The central idea of the story is, that no one needs to look elsewhere for opportunities or chances—the resources and solutions to achieve the desired outcomes are present in one’s own environment. The story uses a fable about a man who longed to find diamonds so badly that he sold his property and went off in a fruitless search for those. However the new owner of his home discovered a rich diamond mine right on his former land (acres).
Conwell’s moral of the story is that in order to find your luck, you do not have to travel the world, but “dig in your own backyard!”.
This could very well be translated into “search within yourself.”
And once we did.
When we were children, we knew exactly what we enjoyed doing most. And because we put our focus on these activities in most cases we developed a special expertise in that field. It may be playing a certain computer game, practicing a dance or playing an instrument. If we keep doing these things without environment pressing us in a scheme (school, parents, friends) it’s a clear hint, where our interest and probably also natural skill set is. If we are lucky our environment just silently observes and supports our growth in that field. But many times we have been told that is a waste of time and we need to focus on other “important” things in order to succeed in life.
Many of us give in to that kind of “chanting” by well-meaning individuals surrounding us at some stage. We think they are more experienced and know it better than we do. The price is losing slowly the connection to sensing what we really want and enjoy and developing a pattern of looking for what the market or society needs outside.
However – does society really need another “cloned 0815 worker“, who got cut off from his natural talents at an early – mostly subconscious- stage of his life. And can that person ever deliver at a level of a person, who is playing in “the zone” doing that exact job?
Fact is, if you work in a job which doesn’t suit your natural style and interest you will always come in second behind the person, who is playing in their sweet spot.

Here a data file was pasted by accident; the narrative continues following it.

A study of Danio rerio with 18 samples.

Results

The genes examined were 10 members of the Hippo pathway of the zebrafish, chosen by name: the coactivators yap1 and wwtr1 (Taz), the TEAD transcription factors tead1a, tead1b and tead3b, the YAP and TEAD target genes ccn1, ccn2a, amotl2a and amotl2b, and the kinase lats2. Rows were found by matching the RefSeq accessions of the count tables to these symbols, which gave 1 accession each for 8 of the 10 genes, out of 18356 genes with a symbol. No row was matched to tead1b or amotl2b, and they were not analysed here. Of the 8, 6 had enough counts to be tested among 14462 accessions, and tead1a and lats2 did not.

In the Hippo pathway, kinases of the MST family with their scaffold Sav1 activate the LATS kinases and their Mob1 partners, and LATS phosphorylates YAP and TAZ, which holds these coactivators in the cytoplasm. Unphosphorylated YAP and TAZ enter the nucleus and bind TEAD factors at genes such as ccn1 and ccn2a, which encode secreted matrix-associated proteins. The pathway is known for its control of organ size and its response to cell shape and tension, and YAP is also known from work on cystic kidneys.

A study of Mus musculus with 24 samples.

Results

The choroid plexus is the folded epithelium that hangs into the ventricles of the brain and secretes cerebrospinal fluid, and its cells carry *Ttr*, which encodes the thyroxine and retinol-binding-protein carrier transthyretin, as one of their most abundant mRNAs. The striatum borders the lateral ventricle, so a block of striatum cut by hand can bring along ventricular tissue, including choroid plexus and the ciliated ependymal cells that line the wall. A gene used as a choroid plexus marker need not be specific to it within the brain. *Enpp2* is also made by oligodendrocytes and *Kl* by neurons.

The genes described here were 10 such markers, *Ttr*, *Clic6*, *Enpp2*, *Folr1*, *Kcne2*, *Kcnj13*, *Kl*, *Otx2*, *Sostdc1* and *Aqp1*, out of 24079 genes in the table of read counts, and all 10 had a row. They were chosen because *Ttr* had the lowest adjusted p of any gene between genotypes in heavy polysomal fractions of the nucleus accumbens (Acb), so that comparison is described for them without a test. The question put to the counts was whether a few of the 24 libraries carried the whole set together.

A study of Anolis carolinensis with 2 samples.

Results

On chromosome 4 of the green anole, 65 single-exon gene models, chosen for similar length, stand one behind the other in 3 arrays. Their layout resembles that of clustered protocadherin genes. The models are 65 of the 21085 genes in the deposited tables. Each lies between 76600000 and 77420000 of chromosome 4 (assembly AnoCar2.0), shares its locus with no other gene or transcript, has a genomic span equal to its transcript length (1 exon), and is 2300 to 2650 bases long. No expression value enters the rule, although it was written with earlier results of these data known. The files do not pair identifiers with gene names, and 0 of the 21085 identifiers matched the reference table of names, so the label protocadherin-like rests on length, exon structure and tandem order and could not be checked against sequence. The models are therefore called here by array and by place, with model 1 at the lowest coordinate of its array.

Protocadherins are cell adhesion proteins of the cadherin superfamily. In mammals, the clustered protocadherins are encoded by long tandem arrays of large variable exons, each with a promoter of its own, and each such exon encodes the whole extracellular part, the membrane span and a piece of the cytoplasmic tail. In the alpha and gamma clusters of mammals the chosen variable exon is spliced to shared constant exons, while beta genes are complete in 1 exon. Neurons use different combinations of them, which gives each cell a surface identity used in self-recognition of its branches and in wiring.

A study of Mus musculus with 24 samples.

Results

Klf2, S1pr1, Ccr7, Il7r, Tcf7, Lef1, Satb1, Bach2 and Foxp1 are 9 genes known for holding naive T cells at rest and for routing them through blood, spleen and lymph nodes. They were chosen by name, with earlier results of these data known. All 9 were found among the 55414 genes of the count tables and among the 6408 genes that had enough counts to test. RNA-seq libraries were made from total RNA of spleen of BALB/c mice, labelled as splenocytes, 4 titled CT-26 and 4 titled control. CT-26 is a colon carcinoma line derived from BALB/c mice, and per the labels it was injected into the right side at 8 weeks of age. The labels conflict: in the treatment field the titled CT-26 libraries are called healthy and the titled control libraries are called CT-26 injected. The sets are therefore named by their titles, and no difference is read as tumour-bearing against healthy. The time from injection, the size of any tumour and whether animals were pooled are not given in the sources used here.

Personally, I often wondered why I did certain things in my career the way I did them. Sometimes even knowing better by the time.
For example in conservative working environments constantly looking for the change to the better, finding new creative solutions to an old problem. Where that kind of thinking is not well nourished.
Or trying to come up with brilliant new concepts in tests and exams, where only “public associations” are valued, not “private new associations” (not yet acknowledged by the public) to a topic.
For me just repeating old patterns and pumping information through “clogged pipes” was always a waste, monkey business and should not earn any reputation of intelligence.
But … that was my very private view, where supervisors in those environments only give credit for “proved concepts”.
Coming across Roger Hamilton’s Genius Test and Wealth Dynamic Profile Test finally gave me the answer I had been looking for so many years. Why I constantly looked for new ways, while following the old ways was much simpler and more rewarded, too.
I found out that I am the “creator” kind of personality.
Creators are best when “their heads are in the clouds. At altitude, they can see the big picture”. Common knowledge and repeating know how patterns bores a creator.
That was my big Aha, my “Heureka” moment, finally understanding my against all odds actions in some situations earlier in my life.
Since I know I am creator, I can focus much more on my pure, unique talents, more deliberately choose my working environments. Where my “seeds for growth” have a chance to making it over the winter.
Does that mean I constantly play in the creator’s mood?
No, being a lawyer has put much analytic style and steel energy in my being. But another benefit of being aware who I really am is that I let my Dynamo creative energy grow ideas without being instantly challenged by my inner censor of steel energy.
My analytic steel energy is now rather used to hold the structure and conceptualize the growth of my new ideas. If I had known my tendency based on my natural style before, I could have played it much more wise, depending on the situation and the needed outcome.
Hiding in the subconscious blind spot of my personality before, I took some wrong choices. I think it is crucial to know, who you really are and what talents reflect your natural style best. And who is the best addition to our talents, so we can finalize our projects. As kids we knew. And we should learn to remember.
Take the test here if you want to find your “acres of talents” and remember your unique talents. You will be glad you did.
PS: You can find the “acres of diamonds” speech of Russell Conwell as free downloadable pdf document on the internet.